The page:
Updated: Dec 15, 2019

Bujinkan training wasn't developed for today's man and woman. It was developed in a time when the status quo of physical competency was well above what it is now. The problems we have to overcome in order to move well, are issues that the creators of these martial arts were not even aware of. It is a state that is unique to our generation.

Through my observation of many practitioners I have grown to realize that Bujinkan training alone isn't enough to break through the devolved state of the modern human body. Without specifically working to transform your physiology, how can you facilitate the proper movement? If you start from where you are, you are building skills on a weak foundation. That is why I integrate methods like MovNat and Functional Range Conditioning in my approach.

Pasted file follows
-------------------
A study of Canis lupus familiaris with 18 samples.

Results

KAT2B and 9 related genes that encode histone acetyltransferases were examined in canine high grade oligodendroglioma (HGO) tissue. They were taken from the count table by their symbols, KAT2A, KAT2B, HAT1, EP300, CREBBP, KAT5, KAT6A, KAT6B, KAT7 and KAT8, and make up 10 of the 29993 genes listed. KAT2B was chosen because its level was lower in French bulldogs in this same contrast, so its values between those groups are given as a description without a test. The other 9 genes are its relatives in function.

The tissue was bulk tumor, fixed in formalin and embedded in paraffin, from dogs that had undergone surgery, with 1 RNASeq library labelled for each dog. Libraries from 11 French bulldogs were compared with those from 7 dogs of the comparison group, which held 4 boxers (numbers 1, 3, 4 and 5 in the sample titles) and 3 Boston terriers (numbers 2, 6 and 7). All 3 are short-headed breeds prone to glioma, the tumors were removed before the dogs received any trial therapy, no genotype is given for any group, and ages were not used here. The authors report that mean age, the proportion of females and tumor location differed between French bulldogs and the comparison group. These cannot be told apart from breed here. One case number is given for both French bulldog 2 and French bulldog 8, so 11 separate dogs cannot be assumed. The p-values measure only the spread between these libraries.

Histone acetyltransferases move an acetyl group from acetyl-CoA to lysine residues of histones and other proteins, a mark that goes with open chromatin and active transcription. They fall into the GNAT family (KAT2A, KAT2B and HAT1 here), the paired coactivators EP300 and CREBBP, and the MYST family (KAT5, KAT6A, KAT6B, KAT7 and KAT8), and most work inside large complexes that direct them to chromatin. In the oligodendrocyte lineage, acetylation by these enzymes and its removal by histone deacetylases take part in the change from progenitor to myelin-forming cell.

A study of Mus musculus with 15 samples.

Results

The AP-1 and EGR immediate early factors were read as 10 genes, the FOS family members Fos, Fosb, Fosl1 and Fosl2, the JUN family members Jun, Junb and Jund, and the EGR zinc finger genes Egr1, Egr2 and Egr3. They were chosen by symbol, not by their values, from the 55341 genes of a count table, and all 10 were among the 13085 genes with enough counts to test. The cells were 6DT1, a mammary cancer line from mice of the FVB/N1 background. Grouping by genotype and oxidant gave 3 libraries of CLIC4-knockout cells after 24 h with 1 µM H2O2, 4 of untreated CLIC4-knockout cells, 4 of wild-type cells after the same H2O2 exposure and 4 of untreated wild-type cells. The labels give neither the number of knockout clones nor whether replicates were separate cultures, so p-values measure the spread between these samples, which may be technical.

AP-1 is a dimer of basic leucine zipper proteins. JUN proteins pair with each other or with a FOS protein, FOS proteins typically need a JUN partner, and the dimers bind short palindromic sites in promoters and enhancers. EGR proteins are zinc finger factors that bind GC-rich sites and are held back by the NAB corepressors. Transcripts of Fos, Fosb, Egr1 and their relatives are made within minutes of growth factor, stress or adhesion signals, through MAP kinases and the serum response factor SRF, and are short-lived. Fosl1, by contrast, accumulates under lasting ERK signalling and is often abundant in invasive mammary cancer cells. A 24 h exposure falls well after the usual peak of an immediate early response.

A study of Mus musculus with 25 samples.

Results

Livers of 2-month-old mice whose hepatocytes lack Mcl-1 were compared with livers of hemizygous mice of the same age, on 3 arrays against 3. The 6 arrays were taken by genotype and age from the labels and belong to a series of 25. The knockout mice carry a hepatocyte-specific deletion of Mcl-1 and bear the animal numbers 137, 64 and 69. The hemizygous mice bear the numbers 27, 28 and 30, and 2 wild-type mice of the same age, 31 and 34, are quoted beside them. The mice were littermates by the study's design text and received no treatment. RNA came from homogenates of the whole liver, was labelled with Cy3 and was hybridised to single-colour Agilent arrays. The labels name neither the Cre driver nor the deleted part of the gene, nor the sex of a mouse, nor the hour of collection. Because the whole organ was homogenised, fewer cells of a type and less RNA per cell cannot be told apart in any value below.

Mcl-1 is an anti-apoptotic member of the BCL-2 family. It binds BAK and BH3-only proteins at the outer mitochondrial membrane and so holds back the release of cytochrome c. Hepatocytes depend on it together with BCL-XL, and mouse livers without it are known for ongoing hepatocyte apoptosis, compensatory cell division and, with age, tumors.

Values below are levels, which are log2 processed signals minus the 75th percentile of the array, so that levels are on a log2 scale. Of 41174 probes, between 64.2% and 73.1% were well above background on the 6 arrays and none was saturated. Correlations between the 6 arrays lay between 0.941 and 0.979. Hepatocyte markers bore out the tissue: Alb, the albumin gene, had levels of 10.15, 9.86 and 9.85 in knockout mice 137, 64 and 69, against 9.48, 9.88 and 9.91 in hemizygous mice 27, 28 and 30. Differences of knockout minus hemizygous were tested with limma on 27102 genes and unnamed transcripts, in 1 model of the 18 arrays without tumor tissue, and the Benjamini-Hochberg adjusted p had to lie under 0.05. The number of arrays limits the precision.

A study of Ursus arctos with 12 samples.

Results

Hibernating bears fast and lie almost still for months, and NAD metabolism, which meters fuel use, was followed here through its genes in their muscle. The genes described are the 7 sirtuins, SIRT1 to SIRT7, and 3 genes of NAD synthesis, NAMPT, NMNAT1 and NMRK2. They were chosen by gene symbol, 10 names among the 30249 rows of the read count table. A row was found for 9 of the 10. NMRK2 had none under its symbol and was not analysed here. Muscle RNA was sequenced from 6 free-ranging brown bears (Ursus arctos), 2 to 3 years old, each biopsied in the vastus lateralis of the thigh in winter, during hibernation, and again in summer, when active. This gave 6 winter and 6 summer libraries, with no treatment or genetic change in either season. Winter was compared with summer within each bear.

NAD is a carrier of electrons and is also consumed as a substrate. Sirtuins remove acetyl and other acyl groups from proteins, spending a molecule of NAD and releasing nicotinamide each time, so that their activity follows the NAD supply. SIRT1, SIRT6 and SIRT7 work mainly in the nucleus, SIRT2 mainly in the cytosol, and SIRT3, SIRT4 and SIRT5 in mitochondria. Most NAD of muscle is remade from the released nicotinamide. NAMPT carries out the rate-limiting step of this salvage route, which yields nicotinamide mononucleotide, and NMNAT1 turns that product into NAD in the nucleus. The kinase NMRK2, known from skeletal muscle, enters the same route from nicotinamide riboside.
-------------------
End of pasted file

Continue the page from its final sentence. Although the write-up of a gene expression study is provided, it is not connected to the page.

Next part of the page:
I have wanted to clearly convey this for a long time: Why I have chosen the modalities I integrate, and how they benefit my Taijutsu practice and teaching approach. Here is a list of core Bujinkan practices, along with an explanation of how MovNat training and other modalities uniquely affect the development of Taijutsu skills.

Ukemi Taihenjutsu

The science of passive receptive body movement. This includes rolling, breakfalls, inversions, climbing, leaping, running, and walking techniques. Bujinkan training approaches all of these movements from a lens of combative application, but learning the heart of the movement, with all extra contextual demands set aside, is a great place to start. Especially when it comes to improving the ability to perform a forward leap, roll, or other locomotive movement.

MovNat provides a "vanilla" version of every locomotive technique in our art, whereas ours is always a "combat" flavored version. Understanding the difference, can really shed light on the actually practical benefit of the combative application as well.